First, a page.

Every Monday night at Lone Star Black Belt Academy in Watauga, the Shooting Stars class welcomes students with a range of special needs and abilities.
“Feet together, good evening class,” said instructor Steven Jackson, who also owns the martial arts training center.
“Good evening, sir!” the class yelled in response.
“He’s a go-getter,” said Maria Rosales, Marcos’s mom. “You know he’s not afraid to take any risks. So whatever the teacher puts in front of him — he’s willing to try and go for that.”
Marcos is the newest member of the class. He has Down syndrome, just like one of his Taekwondo instructors, Heather Jackson.
“Not only is she very disciplined and stringent with the students, and makes corrections at the blink of an eye,” Steven said about Heather. “But every day that you come by she’s always high fiving you and always hugging you and always welcoming you by name,” Steven said.
Steven is a 4th degree black belt with more than 25 years of experience in various martial arts. He is also Heather’s younger brother.
“I’m the person I am because of her,” Steven said.
“So did you teach him everything he knows?” we asked Heather. “Yes, ma’am, of course,” she said with a laugh.
One of the other students in Heather and Steven’s Shooting Stars class is 10-year-old Phoenix Snyder. He started classes at Lone Star Black Belt Academy when he was three years old.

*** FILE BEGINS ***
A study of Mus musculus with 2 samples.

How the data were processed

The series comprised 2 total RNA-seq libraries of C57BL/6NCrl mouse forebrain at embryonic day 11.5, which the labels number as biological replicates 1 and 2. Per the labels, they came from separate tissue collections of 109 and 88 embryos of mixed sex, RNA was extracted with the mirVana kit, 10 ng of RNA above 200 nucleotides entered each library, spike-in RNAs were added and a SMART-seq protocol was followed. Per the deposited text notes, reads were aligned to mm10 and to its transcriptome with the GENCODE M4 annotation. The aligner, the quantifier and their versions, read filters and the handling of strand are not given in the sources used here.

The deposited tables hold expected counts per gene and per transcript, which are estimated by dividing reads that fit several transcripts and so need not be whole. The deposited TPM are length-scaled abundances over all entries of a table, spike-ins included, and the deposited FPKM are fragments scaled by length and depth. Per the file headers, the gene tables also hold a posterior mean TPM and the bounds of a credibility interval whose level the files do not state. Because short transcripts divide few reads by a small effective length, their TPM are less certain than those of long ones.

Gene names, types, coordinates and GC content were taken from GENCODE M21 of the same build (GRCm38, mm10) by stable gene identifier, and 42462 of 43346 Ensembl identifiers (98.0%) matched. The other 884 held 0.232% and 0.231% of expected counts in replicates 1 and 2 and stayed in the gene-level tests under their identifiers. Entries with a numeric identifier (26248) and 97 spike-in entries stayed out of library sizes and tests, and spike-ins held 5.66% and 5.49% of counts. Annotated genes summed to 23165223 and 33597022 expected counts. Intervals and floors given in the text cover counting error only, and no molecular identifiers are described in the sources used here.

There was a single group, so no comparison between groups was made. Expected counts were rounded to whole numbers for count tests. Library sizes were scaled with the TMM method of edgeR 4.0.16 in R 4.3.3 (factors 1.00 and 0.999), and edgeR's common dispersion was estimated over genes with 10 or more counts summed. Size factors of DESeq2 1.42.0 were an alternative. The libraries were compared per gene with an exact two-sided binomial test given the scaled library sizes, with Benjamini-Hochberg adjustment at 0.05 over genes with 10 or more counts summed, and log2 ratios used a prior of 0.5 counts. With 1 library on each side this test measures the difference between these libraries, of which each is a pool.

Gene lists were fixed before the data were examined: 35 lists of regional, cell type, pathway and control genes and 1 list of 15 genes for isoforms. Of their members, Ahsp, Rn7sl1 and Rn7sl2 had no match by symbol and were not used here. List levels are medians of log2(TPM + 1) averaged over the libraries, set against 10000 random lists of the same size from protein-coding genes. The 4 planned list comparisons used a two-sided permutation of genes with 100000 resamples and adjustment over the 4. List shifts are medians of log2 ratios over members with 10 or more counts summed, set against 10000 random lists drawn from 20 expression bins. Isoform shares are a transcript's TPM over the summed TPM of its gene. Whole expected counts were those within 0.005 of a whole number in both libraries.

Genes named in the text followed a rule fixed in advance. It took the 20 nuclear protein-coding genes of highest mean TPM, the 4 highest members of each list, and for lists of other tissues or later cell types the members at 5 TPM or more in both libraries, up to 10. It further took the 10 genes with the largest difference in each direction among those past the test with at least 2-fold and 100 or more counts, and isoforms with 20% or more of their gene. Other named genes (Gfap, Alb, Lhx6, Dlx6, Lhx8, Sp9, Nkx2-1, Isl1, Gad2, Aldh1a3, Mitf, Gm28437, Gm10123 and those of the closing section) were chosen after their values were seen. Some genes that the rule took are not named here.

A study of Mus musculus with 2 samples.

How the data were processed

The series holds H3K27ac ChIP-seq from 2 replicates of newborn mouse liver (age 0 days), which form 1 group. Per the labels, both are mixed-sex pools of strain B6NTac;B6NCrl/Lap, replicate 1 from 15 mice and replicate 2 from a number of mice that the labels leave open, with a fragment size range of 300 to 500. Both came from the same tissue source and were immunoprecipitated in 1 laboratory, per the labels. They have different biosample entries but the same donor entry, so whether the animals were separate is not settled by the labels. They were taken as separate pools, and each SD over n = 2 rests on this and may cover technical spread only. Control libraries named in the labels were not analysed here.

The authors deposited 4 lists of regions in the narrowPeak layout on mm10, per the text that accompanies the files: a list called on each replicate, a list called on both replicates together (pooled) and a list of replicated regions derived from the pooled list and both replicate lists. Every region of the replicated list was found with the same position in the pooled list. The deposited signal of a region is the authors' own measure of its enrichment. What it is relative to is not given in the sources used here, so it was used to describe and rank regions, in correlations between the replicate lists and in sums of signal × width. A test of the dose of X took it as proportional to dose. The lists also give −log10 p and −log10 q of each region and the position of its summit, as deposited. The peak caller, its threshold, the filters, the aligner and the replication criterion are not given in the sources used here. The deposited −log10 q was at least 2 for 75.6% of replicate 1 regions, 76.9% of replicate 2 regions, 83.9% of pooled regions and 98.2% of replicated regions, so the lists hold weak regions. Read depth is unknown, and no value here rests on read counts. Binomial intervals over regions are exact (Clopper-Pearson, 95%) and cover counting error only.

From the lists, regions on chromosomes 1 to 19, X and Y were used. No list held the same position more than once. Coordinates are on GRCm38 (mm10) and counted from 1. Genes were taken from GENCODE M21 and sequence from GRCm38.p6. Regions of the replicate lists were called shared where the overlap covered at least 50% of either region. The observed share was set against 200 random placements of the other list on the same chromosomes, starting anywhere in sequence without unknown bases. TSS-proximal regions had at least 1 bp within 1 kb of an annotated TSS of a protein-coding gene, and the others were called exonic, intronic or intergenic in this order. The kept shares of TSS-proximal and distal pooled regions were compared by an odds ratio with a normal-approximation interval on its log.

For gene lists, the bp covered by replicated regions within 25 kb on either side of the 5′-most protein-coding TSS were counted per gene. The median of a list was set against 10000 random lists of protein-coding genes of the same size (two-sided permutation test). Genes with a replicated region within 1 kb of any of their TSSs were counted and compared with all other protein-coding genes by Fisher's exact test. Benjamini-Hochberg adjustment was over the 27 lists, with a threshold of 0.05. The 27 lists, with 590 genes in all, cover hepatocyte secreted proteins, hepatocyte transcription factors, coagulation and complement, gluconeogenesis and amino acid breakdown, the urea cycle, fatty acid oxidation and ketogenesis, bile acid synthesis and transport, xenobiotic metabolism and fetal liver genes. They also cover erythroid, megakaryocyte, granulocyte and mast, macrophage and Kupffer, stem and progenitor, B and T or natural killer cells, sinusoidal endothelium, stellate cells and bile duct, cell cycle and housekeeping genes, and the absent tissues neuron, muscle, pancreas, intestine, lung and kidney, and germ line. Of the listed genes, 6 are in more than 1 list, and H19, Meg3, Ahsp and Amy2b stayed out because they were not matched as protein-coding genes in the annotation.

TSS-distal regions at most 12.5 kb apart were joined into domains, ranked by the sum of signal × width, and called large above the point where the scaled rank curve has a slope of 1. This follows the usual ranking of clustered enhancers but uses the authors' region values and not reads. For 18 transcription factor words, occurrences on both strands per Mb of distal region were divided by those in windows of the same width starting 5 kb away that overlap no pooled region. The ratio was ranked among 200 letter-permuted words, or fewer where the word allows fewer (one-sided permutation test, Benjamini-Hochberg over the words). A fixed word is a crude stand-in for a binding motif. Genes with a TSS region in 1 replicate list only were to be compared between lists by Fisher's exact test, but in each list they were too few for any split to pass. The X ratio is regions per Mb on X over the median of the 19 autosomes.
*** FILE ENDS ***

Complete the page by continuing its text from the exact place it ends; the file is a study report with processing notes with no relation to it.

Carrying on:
Phoenix is on the Autism Spectrum, and his parents said Taekwondo has helped improve his balance and motor skills. He’s also competed in Taekwondo tournaments.
“He doesn’t give up,” Steven said. “And a lot of people—that’s tough to teach and he’s born with it naturally and it’s awesome to see.”
For Phoenix’s parents, Charissa and Jason Snyder, they say their son being pushed to excellence at Lone Star Black Belt Academy has translated into kindness and respect for others everywhere.
“He’s become an all-around really nice young man that I’m really proud of,” Jason said.
Phoenix also suffers from migraines and exhaustion from ordinary activities, but the leadership skills he’s learned in class have helped him push through.
“As he learns how to encourage other people, he learns at the same time how to encourage himself,” his mom, Charissa Snyder, said.
The Shooting Stars class at Lone Star Black Belt Academy is an inspiring group that’s a living message of equality, while also just being really sweet kids.
“Most people don’t realize that they’re different unless someone points it out to them, unless someone tells them,” Steven said. “And that’s something that we try to encourage, that it’s unique to be different, it’s okay to be different because that’s what makes you special.”
And no matter what our strengths or our struggles — we are all capable of accomplishment.